St Barnabas is, I’m told, the Patron Saint of Encouragement. I didn’t know there was such a thing, but am duly encouraged by this revelation. It is after St Barnabus that – unsurprisingly – the House of St Barnabas is named: London’s first not-for profit private members’ club, which sits resplendently in a Grade I listed Georgian townhouse on Greek Street.

The House, once a home for “fallen” women, now accommodates an employment academy for the homeless (women and men), taking them off the streets and training them up in hospitality, before (often) hiring them in the club. There’s a beautiful courtyard at the back, shaded by plane trees under which Dickens is rumoured to have written A Tale of Two Cities, and a consecrated chapel, home to the Macedonian Church. Whacky.

Nestled in the house is a small but lively restaurant, which was taken over by head chef Nick Wyborn last year. The room is quite deliberately not fancy, despite the high ceilings and chandeliers: it looks as if there’s a drive to keep things “basic”, but of a good quality at the same time, which makes it comfortingly relaxing.

Remarkably for a head chef, Nick Wyborn is only 22. He may lack years of experience, but his enthusiasm is promising. Nick tells me he’s keen that the menu should be seasonal, ingredient-driven and served simply, as a celebration of British produce. And Nick is making changes, having recently introduced a new seasonal menu that will change every six weeks.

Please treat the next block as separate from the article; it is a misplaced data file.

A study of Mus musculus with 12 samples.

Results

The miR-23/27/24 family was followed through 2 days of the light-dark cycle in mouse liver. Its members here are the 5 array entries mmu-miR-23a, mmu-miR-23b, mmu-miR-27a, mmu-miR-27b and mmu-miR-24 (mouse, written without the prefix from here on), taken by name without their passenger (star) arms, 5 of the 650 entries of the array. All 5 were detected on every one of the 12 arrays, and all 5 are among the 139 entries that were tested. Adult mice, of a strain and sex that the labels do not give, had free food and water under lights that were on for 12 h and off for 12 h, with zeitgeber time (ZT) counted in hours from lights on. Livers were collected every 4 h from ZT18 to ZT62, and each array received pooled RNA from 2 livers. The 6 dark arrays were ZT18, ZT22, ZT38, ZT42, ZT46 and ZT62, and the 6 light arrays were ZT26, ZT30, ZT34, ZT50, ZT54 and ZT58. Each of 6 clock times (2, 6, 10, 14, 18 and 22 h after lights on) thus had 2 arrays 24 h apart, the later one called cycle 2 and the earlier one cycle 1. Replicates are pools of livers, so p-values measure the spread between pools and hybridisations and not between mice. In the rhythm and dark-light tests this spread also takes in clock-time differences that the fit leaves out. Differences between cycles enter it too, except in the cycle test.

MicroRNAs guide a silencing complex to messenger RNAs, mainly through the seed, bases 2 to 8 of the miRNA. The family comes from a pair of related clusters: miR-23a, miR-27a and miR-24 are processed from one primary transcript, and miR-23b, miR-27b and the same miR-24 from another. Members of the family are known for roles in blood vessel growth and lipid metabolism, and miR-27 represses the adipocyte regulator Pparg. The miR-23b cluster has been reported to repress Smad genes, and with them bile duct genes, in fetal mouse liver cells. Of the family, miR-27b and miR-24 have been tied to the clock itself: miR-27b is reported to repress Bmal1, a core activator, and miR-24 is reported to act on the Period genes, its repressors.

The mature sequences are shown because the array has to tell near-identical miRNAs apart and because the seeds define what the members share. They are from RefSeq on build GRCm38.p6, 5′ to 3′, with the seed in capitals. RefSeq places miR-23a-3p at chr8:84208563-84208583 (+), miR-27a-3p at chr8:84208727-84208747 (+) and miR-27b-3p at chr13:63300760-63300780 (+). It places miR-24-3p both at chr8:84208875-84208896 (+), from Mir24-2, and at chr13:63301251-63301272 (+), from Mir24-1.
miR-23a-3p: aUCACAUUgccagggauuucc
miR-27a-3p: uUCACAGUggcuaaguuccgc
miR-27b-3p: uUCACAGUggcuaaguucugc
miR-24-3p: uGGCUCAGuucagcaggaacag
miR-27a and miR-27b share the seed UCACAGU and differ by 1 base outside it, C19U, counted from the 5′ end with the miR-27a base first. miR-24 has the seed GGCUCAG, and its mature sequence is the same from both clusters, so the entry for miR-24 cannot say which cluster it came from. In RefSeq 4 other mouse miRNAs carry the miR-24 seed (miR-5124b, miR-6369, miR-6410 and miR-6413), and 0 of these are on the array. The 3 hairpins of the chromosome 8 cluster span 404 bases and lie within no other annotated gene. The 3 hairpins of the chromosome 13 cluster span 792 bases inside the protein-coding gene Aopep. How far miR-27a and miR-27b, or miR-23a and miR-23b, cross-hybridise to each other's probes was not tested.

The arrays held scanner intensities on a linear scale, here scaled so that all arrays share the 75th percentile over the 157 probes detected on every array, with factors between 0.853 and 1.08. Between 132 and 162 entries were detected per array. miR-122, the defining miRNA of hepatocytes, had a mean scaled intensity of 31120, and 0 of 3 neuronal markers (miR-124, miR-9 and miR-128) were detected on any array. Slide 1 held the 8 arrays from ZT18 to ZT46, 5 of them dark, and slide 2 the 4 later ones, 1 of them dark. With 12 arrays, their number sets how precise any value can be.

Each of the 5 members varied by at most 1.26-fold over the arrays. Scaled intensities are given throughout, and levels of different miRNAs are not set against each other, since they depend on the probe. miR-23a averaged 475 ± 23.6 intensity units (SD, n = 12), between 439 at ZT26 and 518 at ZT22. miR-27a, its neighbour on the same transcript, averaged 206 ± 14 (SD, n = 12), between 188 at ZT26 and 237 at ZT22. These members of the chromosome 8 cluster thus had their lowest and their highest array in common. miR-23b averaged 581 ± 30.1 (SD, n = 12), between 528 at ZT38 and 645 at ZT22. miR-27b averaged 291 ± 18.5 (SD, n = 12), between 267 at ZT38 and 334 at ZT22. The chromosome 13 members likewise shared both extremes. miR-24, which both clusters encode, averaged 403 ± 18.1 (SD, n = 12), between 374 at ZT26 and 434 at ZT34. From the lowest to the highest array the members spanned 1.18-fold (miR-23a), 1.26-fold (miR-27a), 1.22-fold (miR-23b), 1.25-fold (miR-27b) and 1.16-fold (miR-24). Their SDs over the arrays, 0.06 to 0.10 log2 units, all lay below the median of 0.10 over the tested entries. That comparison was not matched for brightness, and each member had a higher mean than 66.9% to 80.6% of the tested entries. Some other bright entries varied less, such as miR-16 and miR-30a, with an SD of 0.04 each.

One is automatically tempted to dislike anything worthy, particularly an initiative that threatens to ignite some sort of guilt whilst guzzling food and knocking back wine. Thankfully, any guilt is sluiced back with the house white wine (a fresh-tasting 2015 Borgo Selene), and doesn’t seem to have affected the membership either.

The menu is straightforward – offering all the old favourites (fish finger sandwiches, rib eye steak, beef burger and salads). I can see that Nick wants eating here to be casual and relaxing, which is in keeping with the nonswanks theme of the club. I choose the crayfish cocktail and my companion opts for the steak tartare, a choice I soon envy. Not because the crayfish cocktail – isn’t delicious (the fish tastes perfectly fresh) but because the steak tartare is of such exquisite deliciousness that I am tempted to sign up as a member on the spot. The steak is cut in the most perfect ruby chunks, its caper and Tabasco sauce sharp but not overwhelming, both providing a magnificent bed to a quail’s egg (texture therefore heavenly).

For the main course, I break the rule of a lifetime (“darling, never order chicken at a restaurant – you can have chicken any time at home”) and choose the chicken schnitzel with a mustard sauce and a fricassee of fresh peas, broadbeans and radishes. I’m soon pleased that I have defied the Chicken Commandment: the meat is tender and the accompanying vegetables taste of the promise of spring. My companion orders the roasted Sicilian Artichokes with Provençal vegetables and a piquillo pepper puree and, upon tasting, I think I’ve won this round, but I haven’t quite got my revenge for the steak tartare. I wonder if I ever will. The thought of trying is, as in the name of St Barnabus, an encouraging one.